I was not aware until recently that women wrote pulp fiction in the 1940s. I associated pulp with the great Raymond Chandler and Dashiell Hammett. But women’s pulp fiction has been reissued both in The Feminist Press’s Femmes Fatales series and in a stunning Library of America volume, Women Crime Writers: Four Suspense Novels of the 1940s. Last fall I read Vera Caspary’s unputdownable Laura. Laura, a popular advertising executive, has been murdered, killed by a sawed-off shotgun. The novel is cleverly told from three different points of view, that of Laura, an obese newspaper columnist, and the detective.
I recently read Vera Caspary’s “domestic suspense”novel, Bedelia,, a gripping story of a mad housewife.
Men love sweet, naive, seductive Bedelia. She and Charlie, a well-to-do architect, are newly married. Bedelia, a widow, met him at a resort in Colorado, where she was recovering from the death of her husband, who she said was an artist in New Orleans.
Set in 1913, the book starts with a Christmas party in Connecticut. Bedelia is excited, and Charlie dotes on her.
This was to be his wife’s first Christmas in Charlie’s house. They had been married in August. She was a tiny creature, lovable as a kitten. Her eyes were lively, dark, and always slightly moist. In contrast with her brunette radiance, Charlie seemed all the more pallid, angular, and restrained.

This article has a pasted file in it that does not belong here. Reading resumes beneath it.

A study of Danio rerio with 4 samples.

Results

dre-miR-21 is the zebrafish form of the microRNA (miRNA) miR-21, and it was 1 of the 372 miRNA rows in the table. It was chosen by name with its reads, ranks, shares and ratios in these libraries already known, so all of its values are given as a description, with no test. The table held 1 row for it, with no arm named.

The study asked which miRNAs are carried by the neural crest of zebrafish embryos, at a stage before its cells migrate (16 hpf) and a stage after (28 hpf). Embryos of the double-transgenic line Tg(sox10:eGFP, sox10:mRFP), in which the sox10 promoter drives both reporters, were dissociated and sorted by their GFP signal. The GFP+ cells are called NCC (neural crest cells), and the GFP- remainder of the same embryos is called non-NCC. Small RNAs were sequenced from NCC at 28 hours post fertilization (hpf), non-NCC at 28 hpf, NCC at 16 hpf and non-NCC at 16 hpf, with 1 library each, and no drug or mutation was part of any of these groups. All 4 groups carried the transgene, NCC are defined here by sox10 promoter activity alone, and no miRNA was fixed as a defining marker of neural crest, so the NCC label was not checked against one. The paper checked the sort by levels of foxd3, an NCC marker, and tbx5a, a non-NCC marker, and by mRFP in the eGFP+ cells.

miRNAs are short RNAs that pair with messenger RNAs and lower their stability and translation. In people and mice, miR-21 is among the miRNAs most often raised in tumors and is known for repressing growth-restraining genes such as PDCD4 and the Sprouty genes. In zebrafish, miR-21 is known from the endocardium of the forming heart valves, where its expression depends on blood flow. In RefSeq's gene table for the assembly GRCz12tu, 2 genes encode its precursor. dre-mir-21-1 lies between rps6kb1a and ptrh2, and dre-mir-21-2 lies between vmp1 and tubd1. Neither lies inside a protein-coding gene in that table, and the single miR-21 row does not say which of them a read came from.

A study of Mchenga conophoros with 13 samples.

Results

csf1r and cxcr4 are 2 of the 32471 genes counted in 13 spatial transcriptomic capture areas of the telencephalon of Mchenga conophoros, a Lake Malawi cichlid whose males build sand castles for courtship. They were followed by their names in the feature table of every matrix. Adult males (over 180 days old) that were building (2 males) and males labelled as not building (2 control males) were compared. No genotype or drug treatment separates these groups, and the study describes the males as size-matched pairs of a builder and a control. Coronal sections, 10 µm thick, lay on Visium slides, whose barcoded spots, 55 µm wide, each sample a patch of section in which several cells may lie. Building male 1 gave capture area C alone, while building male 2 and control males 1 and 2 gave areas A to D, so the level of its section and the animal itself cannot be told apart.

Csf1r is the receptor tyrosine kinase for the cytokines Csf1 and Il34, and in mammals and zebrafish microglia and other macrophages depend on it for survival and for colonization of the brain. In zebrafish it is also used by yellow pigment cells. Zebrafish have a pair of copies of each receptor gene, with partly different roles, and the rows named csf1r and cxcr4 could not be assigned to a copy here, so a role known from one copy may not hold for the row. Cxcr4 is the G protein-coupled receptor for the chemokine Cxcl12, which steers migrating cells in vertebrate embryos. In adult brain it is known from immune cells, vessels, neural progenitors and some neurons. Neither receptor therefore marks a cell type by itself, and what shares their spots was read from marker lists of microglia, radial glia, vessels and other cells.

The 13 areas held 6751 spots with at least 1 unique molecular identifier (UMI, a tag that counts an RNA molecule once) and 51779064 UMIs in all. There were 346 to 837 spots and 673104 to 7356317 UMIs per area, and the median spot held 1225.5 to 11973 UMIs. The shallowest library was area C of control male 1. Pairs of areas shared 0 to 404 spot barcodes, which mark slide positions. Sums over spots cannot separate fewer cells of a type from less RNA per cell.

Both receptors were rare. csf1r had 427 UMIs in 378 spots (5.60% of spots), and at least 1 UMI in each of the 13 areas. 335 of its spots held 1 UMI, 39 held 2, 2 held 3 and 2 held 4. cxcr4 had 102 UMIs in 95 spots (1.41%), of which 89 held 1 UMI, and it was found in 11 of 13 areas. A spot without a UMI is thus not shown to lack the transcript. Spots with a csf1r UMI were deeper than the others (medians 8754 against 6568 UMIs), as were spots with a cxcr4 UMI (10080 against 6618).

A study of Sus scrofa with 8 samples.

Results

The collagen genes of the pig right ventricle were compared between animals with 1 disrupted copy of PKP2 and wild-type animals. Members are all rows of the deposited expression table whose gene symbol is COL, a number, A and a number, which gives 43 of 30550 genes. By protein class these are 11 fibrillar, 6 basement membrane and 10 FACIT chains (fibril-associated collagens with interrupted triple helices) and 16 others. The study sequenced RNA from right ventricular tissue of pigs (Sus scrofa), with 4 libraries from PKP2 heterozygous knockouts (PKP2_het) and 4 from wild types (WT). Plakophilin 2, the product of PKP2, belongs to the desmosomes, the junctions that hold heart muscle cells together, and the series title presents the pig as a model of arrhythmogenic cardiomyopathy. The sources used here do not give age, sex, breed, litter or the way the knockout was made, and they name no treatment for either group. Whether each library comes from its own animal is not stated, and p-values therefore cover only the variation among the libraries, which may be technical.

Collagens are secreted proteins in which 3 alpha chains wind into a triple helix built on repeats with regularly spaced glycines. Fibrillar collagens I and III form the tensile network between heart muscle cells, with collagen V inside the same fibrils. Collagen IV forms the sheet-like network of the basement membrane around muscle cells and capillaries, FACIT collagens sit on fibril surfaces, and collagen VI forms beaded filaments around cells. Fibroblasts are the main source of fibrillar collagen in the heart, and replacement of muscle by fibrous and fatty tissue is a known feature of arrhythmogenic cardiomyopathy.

Although I do not like “kitten” women, the party is wonderful. Bedelia’s decorations and food are delightful. And she has bought expensive, thoughtful gifts for everyone.
There is, however, trouble from the beginning: we suspect she is less naive than she pretends. There is trouble about an artificial black pearl ring,. Charlie doesn’t like artificial jewelry, so he gives her a garnet ring to wear instead and she assures him she has given away the black pearl. It turns she still has the ring. He is frustrated by this deception.
Still, she is lovely. Here is a description of how he views his darling Bedelia’s housewifery skills.
Bedelia had tied over her blue dress an apron as crisp and clean as the curtains. She looked less like a housewife than a character in a drawing-room comedy, the maid who flirts with the butler as she whisks her feather duster over the furniture. The kitchen, with its neat shelves, starched curtains, and copper pots, made Charlie think of a stage-setting. And when Bedelia brought out her red-handled egg-beater and started whipping up a froth in a yellow bowl, he was enchanted. He had to hug her.
Life isn’t all neat and starched, though. Bedelia has terrible nightmares. Really terrible. She won’t sleep unless the light is on. And she communicates her fear to Charlie, so that he, too, becomes paranoid about the dark.
Gradually her fears had infected him. In the daytime he resolved to harden himself against contagion, but when she clung to him in the dark, weeping, his mind filled with strange fancies and his flesh, under the blankets, chilled. By day his wife was earthy, a woman who loved her home and had a genuine talent for housekeeping. In the dark she seemed entirely another sort of creature, female but sinister, a woman whose face Charlie had never seen. It was absurd for a man of his intelligence to let himself be affected by these vague and formless fantasies, and he tried to account for his wife’s fear of the dark by remembering that she had lived a hard life.”
Bedelia becomes more and more tightly wound, especially about their artist neighbor, Ben. Charlie wonders on earth has happened to his wife. We become suspicious.
Well, I don’t want to tell you too much, but I will tell you this: things are not what they seem. I couldn’t stop reading it! It is not as good as Laura,–I thought the ending was a little weak–but I enjoyed it very much.
I do intend to read more Caspary, and if anyone has recommendations, I would love to hear them.